By Zach Solon | May 28, 2021 at 9:18 PM EDT – Updated May 28 at 10:32 PM
NEW HANOVER COUNTY, N.C. (WECT) – Lifeguard stands are spaced along the beaches in New Hanover County, and ocean rescue officials say knowing where to find a lifeguard is essential for safe swimming, especially with the rip current risk this weekend in the Cape Fear region.
“Swim near a lifeguard. They’re trying to spot rip currents, things like that,” said Sam Proffitt, Captain of Wrightsville Beach Ocean Rescue. “The novice viewer probably would have a difficult time spotting a rip current.”
Guards returned to stands in Wrightsville Beach and Carolina Beach Friday to kick off the start of summer swim season, but other parts of the country are facing a shortage of lifeguards amid hiring challenges. These two New Hanover County beaches have strong staffing numbers; however, thanks to a large number of returning guards.
“With our program we got really lucky, most of our guards are at a minimum about three-year guards so they usually come back,” said Tony Wallace, Carolina Beach Ocean Rescue captain. “For us, I think we brought on, I think, 12 new rookies this year, but mostly everybody we have are returning guards, which saved us from, I guess, getting the shortage of guards.”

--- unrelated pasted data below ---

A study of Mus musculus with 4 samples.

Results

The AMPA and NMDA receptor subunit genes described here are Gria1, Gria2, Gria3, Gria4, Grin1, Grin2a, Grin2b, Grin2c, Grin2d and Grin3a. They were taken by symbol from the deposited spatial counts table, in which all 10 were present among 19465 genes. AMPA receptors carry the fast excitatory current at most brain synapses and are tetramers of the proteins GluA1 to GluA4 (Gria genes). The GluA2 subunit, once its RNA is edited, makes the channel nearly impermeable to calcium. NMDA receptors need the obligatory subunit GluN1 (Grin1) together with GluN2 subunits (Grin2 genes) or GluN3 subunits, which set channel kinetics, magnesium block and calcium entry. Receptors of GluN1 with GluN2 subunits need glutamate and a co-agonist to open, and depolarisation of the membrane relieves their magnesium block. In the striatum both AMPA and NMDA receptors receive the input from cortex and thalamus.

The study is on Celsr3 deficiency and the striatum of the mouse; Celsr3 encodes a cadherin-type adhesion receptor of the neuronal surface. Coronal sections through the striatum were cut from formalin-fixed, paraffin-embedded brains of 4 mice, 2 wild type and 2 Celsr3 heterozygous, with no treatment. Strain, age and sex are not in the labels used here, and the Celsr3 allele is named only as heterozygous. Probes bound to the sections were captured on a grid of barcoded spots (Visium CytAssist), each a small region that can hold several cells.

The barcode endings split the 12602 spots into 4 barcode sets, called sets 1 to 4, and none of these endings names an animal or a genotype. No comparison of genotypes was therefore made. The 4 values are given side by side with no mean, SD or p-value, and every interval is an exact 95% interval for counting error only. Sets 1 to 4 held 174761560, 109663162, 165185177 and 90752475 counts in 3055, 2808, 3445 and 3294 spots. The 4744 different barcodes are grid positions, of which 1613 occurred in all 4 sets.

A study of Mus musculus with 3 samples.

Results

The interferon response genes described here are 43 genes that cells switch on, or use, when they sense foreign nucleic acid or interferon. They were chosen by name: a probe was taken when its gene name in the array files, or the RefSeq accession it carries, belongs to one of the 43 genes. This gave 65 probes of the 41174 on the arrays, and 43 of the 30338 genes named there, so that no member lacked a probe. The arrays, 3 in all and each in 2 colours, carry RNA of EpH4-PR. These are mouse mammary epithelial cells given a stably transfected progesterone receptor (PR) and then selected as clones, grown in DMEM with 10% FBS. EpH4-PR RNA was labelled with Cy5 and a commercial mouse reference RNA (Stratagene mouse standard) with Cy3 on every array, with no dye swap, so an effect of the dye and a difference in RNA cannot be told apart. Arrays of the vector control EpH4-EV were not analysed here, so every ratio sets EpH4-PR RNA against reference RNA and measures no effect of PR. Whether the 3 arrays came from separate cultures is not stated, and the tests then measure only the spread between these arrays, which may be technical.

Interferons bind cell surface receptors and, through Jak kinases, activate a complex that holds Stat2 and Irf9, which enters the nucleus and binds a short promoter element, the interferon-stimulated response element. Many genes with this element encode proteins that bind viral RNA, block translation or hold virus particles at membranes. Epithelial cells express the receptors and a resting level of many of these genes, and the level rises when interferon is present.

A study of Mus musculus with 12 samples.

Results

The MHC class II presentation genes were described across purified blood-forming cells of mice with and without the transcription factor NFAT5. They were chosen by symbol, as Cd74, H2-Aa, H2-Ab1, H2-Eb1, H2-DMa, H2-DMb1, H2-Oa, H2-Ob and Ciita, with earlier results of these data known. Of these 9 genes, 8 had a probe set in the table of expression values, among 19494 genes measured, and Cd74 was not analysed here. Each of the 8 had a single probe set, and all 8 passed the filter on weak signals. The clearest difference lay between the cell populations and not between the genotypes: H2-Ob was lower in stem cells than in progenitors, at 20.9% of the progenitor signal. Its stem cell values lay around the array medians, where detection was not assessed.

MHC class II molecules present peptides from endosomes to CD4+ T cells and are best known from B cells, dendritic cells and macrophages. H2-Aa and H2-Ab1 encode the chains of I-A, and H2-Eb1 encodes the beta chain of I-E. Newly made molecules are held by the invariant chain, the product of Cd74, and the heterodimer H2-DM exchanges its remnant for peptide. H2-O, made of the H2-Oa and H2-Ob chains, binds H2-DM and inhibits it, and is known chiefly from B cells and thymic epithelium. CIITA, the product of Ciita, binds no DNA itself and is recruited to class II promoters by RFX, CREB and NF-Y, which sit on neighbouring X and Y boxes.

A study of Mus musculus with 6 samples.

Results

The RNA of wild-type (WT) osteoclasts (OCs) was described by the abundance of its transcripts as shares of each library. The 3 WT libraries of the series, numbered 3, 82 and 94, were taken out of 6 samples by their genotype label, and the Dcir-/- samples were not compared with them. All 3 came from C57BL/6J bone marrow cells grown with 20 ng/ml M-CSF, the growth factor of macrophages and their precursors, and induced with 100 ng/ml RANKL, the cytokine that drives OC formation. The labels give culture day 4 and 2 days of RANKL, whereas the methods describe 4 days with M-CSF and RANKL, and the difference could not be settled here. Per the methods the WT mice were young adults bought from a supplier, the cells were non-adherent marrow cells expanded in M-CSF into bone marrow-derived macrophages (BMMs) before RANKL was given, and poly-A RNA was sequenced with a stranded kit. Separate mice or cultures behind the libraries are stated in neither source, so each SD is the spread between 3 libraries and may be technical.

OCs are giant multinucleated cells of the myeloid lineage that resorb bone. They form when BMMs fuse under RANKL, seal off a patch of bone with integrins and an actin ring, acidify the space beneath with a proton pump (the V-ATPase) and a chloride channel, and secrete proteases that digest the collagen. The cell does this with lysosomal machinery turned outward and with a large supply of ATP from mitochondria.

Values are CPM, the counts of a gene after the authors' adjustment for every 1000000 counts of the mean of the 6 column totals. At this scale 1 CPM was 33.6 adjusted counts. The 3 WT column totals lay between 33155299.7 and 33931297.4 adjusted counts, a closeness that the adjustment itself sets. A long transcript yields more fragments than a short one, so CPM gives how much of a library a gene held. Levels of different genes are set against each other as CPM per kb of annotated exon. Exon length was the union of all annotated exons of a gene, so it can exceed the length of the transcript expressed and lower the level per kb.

With rip currents swirling in the Atlantic across southeastern North Carolina beaches, guards had to jump into action early this morning as swimmers took to the water on a hot day.
“We do keep track of every incident,” said Proffitt. “So far we’re at eight rescues this morning and it’s 11:00 a.m.”
In Carolina Beach, Wallace says they are averaging about eight rescues per day, some of which are related to rip currents.
Officials say it is best to know where lifeguards are stationed so you can see them and clear a path for them to get to an emergency or person in distress.
“One of the main problems that we have is keeping our emergency lanes open where we can travel up and down the beach safely,” said Wallace. “That gives us more speed to get to an incident that’s happening without having to stop.”
Rescue officials say rip currents can change and move so it is important to pay attention to flags posted around the beach and ask the lifeguards nearby whether or not it is safe to swim.